Beyond Just CLTS, Bangladesh: Fostering Enterprise and Innovation (Part 2)

Beyond Just CLTS, Bangladesh (Part 2): Fostering Enterprise and Innovation

2007

Indigo – a natural dye (Indigo is derived from a plant species Indigoferra tinctoria) was re discovered at the time when Kantha became a contemporary product of the artisans’ group in Rajendrapur. I was asked to explore the opportunity in Indigo in order to add value as natural dyed fabrics in producing quilt in the revival process. I then started a small experiment on this but I initially failed. Then I repeated two – three times again but could not do anything to extract Indigo. Considering my eagerness on this issue, project management arranged a training for me on Indigo extraction in India where I worked for couple of weeks and finally learnt indigo extraction.

Cheking indigo processing quality. Photo Credit: AD Roy
Checking indigo processing quality. Photo Credit: AD Roy

There was a massive indigo cultivation that took place in most of the open defecation ground, road side, fellow land because of this indigo revolution. NLs & other group members leased in land from local UP Chairman (Union Parishad – UP under Local Government) and better off people. Men usually prepared land and sown seed and women looked after and nursing the plant, proved irrigation and women all together and started cultivation of indigo which created an environment to get involved in economic opportunities. I had a previous knowledge on tea extraction procedure in UK based organization which helped me to understand the overall phenomena of indigo extraction and production in last 3-4 years. This is an extremely labor intensive process to produce dye stuff from extraction to finished product. All group members organized themselves and started indigo production. Community people, NLs and other artisan took lease 20 kilometer long road side land from Chairman of local government (Union Parishad Chairman) to plant indigo and indigo seed production.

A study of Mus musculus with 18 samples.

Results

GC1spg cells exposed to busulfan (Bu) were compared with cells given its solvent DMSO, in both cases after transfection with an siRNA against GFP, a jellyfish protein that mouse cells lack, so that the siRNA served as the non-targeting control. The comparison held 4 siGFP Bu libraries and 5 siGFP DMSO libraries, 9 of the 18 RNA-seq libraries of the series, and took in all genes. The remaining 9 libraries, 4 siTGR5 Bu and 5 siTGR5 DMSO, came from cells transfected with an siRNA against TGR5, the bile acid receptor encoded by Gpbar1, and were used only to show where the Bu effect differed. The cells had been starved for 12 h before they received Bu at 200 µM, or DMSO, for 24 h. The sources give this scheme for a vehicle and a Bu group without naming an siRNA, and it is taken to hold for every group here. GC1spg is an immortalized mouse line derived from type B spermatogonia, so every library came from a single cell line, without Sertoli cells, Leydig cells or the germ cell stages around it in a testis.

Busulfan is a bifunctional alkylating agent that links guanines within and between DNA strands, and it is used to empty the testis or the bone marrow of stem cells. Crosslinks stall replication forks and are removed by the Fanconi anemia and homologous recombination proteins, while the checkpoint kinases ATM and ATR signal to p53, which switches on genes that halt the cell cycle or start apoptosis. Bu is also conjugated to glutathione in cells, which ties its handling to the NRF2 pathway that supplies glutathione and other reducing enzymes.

Indigo extraction and production is a big and remarkable momentum in my professional life that has really given opportunity to those who built “solidarity and confidence” to stop open defecation and reduce poverty in their life. I had to spend a considerable time for indigo extraction and product plant in order to maximize production and quality as well as purity percentages compare with other international market. I finally successfully manufactured the desired quantities of indigo (1000 kg per season-3 months production) and used the effluent and other bi products such as compost, for rice and vegetable production in the communities in OD ground and fellow land. 

2008:

Work in Indigo field. Photo Credit: AD Roy
Work in Indigo field. Photo Credit: AD Roy

When indigo plant was set up there was a movement to scale up these initiatives as institutions and enterprise. Once this was agreed by all NLs and artisans, I started to organize them and did number of formalities for developing organization. Primarily it was decided that name would be Nijera Cottage and Village Industries (NCVI). To develop this organization we had to complete all formalities with a board of directors selected from the artisans group. Artisans were recognized as owners of the organization, while their identities are still as workers. It was established as artisan’s owned social enterprise which was registered in Department of Stock Exchange in Bangladesh government. It was the first time for me to take responsibility bring a team of 7 members consisting of artisans and project staff to participate in a fair trade (Dastkar)-Delhi. We were able to exhibit out contemporary quilts, scarf and other fashionable fabrics to international experts, buyer and local communities. We recognized there was extraordinary indigo dyed stitched/quilted stuff in the sub continent. NCVI’s earnings from that fair was approximately USD 12000 as the first income for this organization.

Apurba Deb Roy is Community Development Specialist, CARE Bangladesh.

This is the second blog in a three – part series on ‘Beyond Just CLTS – Bangladesh’ by the author.